Have you ever heard the saying, “Don’t make a mountain out of a mole hill?” The idea that we often make a bigger deal out of a challenge than we need to. I’m guilty of this. I can make the simplest pursuit look like a challenging summit up Mount Everest.
Earlier this year I read an article about Mount Hood in Oregon. The writer talked about it being the third deadliest mountain in the United States. The challenge sounded like a cool idea, especially since I was reading about it in the comfort of my living room half way across the country. I put the trip on my calendar, and a few months later I was standing at Timberline Lodge looking up at the summit of Mount Hood. I planned to climb the following morning so a close up perspective of the summit seemed like a good idea. I found a climber on the trail who had recently summited Mount Hood and asked if he could tell me about the climb. He started by telling me that I needed to be very careful because many people are injured each year and some die in their attempt to summit Hood. He pointed out the hazards and asked about my experience as a climber – reminding me how I could slide to my death in a crevasse if I didn’t know how to use my ice axe and crampons properly. I stared up and the summit and felt a wave of fear sweep over me. Was this really something I could do? Maybe this wasn’t such a good idea after all.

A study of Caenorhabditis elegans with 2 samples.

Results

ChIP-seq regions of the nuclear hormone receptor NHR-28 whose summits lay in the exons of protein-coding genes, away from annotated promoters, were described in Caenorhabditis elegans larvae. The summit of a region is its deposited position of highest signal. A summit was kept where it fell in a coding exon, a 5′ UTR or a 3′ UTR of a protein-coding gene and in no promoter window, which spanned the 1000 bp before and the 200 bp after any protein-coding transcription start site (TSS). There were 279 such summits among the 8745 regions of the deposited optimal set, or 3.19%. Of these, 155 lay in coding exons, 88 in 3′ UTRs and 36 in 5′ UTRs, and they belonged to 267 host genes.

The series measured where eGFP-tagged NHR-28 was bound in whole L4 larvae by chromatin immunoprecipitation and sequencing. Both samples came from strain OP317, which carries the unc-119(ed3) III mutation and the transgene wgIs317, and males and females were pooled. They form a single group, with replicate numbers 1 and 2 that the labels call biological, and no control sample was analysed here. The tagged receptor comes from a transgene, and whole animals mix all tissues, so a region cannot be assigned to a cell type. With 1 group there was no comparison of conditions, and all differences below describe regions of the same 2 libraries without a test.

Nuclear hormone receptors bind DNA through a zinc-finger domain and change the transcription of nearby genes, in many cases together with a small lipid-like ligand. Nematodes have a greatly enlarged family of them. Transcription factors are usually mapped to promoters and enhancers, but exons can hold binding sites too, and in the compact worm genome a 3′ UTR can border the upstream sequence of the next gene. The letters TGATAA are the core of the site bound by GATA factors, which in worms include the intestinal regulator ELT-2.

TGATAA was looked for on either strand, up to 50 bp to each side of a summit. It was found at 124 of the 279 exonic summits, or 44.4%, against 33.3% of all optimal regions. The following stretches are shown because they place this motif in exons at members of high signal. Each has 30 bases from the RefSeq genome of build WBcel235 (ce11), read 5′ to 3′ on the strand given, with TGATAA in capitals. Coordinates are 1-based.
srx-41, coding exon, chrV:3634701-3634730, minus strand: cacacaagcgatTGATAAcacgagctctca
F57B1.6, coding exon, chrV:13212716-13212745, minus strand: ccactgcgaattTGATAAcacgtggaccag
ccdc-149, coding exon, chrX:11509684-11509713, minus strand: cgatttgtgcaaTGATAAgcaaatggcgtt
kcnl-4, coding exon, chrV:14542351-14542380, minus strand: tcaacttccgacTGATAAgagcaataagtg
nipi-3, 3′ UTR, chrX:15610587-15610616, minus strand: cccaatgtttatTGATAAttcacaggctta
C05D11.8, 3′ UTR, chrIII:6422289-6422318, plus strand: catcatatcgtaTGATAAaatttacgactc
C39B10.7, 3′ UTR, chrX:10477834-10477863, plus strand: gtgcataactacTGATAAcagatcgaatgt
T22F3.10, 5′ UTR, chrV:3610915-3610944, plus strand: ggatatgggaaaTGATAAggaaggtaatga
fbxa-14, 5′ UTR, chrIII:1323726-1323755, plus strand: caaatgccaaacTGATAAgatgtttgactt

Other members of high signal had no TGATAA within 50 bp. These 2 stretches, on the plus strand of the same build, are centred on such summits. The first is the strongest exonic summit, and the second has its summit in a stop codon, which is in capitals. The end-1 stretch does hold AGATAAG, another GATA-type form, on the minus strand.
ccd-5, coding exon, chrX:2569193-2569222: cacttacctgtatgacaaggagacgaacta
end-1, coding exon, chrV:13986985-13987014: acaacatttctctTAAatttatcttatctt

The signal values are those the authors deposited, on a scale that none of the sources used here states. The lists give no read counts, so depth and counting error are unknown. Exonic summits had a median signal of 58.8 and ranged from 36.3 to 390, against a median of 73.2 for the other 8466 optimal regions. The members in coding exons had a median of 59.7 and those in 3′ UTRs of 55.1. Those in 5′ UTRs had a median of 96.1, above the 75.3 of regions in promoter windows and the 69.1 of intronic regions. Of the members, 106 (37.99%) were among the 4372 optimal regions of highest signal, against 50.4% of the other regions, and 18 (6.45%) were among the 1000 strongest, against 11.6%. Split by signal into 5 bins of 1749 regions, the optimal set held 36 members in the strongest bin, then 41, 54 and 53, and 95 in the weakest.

Early the next morning I sat in my car at the trailhead shivering all over. It wasn’t because I was cold. It was because I was working myself up with fear. Could I do this? Was I qualified enough? Would I be another Mount Hood statistic? I took one last sip of coffee and started on my way up the trail. I heard that the dangerous climbing starts after a landmark on the mountain called Crater Rock. I had been dreading Crater Rock since I heard about it the day before. Two hours into the climb and I was climbing up close to it. As I rounded the corner on the huge rock, I caught a glimpse of the final ascent I was warned so much about. The mountain rises to an incline that looked near vertical. Studying the final approach to the summit I could see a small figure making his way up toward the summit. From my perspective this person looked like they were climbing straight up. I sat down to rest and evaluate my next move. This looked like a pretty good place to turn around and go back to the safety of my car. I drifted back and forth in thought between the dangers of what could happen, and the satisfaction I would have reaching my goal.
All too often I struggle between fear and opportunity. More often than I would like to admit fear emerges victorious and I take my seat on the sidelines; never enjoying the reward that comes with taking that next courageous step forward. I told myself to deal with this fear the way I have trained in other areas of my life. Don’t think about the trail way out in front of me. Just focus on the trail directly before me. Challenges are far less imposing this way.
I reached the summit of Mount Hood that day, and it was not nearly as hard as it looked; or as hard as people made it out to be. Most challenges are that way. Are you stuck in pursuit of your God-inspired dream? Tune out those people that stir up your fear, and stay focused on the next step forward. Don’t let your mind drift toward the challenges far out ahead.